The title alone will have you pondering the course in which Jake Scott’s new film will take. Scott, primarily known for directing music videos and various short films has begun to follow in his father’s footsteps. Following his 2010 feature Welcome to the Rileys, and his polarizing adventure film Plunkett & Maclene (1999), American Woman is Scott’s third feature film.
Set in a no-name town in rural Pennsylvania Deb Callahan (Sienna Miller) must endure every mother’s worst nightmare; her teenage daughter, Bridget (Sky Ferreira) goes missing. Following unsuccessful searches to find her, Deb must raise her young grandson under the watchful and occasionally judgemental eyes of her sister and mother who live just a stones throw away.
The journey Scott takes us on is less about Bridget’s disappearance, it’s Debs odyssey that we’re witnessing, her daughter’s sudden vanishing, although constantly bubbling beneath the surface only ever comes to the forefront of the narrative occasionally. What eclipses a story that we initially assume to be about grief is the stark reality of what we’re left with when people leave and the ways in which we learn to deal with it. Miller gives an outstanding performance overshadowing her fellow cast members by miles. She captures perfectly, the pain, strength and hope of the “American woman.” Scott places Deb under a microscope, her family, work and relationships exist within the film but are pushed to the periphery of Debs own personal journey of self-empowerment and growth.
The snippets of Deb’s external life we do get to experience add a depth to her character without saturating it. There are some heartfelt and relatable moments between Deb and her sister Katherine (Christina Hendricks): discussing a date over the phone as they peer at each other through their kitchen windows and the ease in which they take shared responsibility for Bridget’s son brings a stability to Deb’s character, the comfort and support of home that she has never quite managed to leave, understandably. We see her vulnerability and childlikeness reflected in these small familial moments on screen.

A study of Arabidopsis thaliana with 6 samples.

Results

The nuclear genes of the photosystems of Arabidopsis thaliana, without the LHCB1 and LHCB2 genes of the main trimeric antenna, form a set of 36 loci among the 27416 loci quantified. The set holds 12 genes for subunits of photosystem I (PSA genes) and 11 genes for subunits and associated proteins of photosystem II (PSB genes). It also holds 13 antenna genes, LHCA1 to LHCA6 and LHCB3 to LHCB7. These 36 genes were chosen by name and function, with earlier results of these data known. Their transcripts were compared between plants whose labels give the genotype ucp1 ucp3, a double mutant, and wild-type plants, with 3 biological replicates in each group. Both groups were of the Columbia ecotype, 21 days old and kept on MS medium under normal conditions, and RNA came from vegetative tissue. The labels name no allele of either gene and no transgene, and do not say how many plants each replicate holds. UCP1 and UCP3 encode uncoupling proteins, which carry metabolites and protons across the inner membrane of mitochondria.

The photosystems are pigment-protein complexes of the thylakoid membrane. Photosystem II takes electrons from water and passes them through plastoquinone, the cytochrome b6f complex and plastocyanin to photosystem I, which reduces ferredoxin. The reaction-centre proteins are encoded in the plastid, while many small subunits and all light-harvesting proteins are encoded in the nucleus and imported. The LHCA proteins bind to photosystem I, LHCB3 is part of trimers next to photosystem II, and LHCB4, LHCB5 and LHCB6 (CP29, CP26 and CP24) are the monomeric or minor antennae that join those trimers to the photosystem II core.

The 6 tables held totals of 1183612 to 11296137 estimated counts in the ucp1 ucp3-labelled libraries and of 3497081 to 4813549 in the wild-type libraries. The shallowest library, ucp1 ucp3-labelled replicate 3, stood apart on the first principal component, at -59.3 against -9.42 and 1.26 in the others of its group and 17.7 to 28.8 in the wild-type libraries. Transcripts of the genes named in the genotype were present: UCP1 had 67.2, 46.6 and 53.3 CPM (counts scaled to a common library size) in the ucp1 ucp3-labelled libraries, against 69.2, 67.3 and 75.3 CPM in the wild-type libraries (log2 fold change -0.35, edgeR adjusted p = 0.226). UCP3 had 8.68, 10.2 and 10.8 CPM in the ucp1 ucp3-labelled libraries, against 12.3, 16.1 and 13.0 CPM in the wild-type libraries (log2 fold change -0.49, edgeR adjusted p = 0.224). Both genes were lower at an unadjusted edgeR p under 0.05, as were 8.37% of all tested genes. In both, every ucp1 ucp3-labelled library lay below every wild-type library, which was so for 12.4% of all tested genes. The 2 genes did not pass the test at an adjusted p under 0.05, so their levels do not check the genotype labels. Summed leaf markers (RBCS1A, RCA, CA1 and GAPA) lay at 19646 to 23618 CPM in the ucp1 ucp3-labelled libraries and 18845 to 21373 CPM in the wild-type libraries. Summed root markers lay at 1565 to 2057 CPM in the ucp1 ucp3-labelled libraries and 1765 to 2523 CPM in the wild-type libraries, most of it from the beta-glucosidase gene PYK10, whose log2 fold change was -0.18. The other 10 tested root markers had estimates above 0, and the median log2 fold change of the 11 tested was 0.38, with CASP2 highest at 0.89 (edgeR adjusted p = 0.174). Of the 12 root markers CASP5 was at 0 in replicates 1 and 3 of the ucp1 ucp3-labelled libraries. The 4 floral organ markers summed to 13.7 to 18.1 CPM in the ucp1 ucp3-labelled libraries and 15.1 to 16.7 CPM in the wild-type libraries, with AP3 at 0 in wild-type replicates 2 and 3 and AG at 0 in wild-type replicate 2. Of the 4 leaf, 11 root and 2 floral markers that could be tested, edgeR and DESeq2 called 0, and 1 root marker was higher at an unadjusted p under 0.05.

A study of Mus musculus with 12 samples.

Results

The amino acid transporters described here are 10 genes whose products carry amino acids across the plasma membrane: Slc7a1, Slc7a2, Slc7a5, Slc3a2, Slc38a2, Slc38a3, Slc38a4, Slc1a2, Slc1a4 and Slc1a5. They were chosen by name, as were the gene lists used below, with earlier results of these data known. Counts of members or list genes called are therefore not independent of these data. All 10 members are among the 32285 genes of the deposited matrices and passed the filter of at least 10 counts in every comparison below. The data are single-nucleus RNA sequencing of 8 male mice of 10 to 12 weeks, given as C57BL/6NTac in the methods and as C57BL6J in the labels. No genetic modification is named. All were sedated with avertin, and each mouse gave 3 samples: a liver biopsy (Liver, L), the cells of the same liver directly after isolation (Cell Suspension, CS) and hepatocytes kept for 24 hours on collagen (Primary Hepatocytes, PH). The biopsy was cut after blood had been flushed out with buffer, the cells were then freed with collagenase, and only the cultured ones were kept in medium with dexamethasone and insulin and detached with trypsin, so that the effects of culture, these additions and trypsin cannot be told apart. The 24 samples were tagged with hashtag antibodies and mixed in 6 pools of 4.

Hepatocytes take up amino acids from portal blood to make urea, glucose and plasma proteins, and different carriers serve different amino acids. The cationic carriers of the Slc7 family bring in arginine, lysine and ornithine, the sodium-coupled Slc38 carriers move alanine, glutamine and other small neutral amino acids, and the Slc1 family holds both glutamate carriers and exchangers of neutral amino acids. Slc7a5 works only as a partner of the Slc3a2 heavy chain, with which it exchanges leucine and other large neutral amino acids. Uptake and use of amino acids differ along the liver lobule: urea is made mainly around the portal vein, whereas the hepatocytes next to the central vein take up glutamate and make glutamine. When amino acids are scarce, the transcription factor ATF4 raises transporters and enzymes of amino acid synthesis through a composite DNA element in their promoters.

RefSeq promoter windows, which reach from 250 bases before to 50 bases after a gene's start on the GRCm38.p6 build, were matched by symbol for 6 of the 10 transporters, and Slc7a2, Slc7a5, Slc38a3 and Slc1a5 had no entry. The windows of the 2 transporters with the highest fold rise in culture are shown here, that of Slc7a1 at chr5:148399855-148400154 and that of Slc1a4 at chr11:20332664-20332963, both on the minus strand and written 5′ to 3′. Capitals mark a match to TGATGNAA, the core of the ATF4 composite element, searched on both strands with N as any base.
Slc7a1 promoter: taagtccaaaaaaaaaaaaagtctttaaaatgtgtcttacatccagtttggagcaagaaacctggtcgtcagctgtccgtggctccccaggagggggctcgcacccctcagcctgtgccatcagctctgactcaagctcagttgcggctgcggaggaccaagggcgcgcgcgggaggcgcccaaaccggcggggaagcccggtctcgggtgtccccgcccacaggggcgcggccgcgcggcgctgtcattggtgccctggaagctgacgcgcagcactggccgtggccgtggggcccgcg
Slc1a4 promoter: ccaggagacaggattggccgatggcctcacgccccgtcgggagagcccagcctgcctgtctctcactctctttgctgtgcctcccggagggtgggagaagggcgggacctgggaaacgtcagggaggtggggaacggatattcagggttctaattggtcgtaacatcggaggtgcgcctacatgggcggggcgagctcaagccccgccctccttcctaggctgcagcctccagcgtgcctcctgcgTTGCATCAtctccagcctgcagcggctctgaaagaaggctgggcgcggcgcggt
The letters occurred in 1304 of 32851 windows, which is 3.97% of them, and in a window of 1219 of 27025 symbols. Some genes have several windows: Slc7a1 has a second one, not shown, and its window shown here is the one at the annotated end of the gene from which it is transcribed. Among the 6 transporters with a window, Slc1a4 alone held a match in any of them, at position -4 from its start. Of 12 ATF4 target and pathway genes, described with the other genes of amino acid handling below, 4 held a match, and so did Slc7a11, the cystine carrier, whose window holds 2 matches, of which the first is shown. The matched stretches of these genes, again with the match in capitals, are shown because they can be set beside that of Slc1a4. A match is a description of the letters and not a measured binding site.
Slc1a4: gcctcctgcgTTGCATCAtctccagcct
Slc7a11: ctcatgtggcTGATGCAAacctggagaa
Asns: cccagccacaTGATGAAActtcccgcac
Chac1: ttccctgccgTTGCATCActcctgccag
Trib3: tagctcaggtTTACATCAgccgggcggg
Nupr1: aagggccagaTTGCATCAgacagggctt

Scott has created a character afflicted by abusive and sexist partners and minimal job prospects, whilst living in a society where the main occupation for women is that of caregivers, whether that be to children, partners or elderly relatives. Scott acknowledges this as a current and prominent issue throughout American society, the title alone makes the directors message easy to decipher. Time fast forwards as we see Deb begin to flourish the best she can, as ten years go by, Scott allows the audience some pit stops along the way.
Erin Brockovich-esque in its depiction of classist and gender-based obstacles, American Woman may not be the vanguard when it comes to films that tackle similar issues, but Scott has found a sensitive and balanced way of storytelling, there’s a feeling of organic progression within this understated yet urgent narrative, lifted further by Millers striking performance as the films protagonist.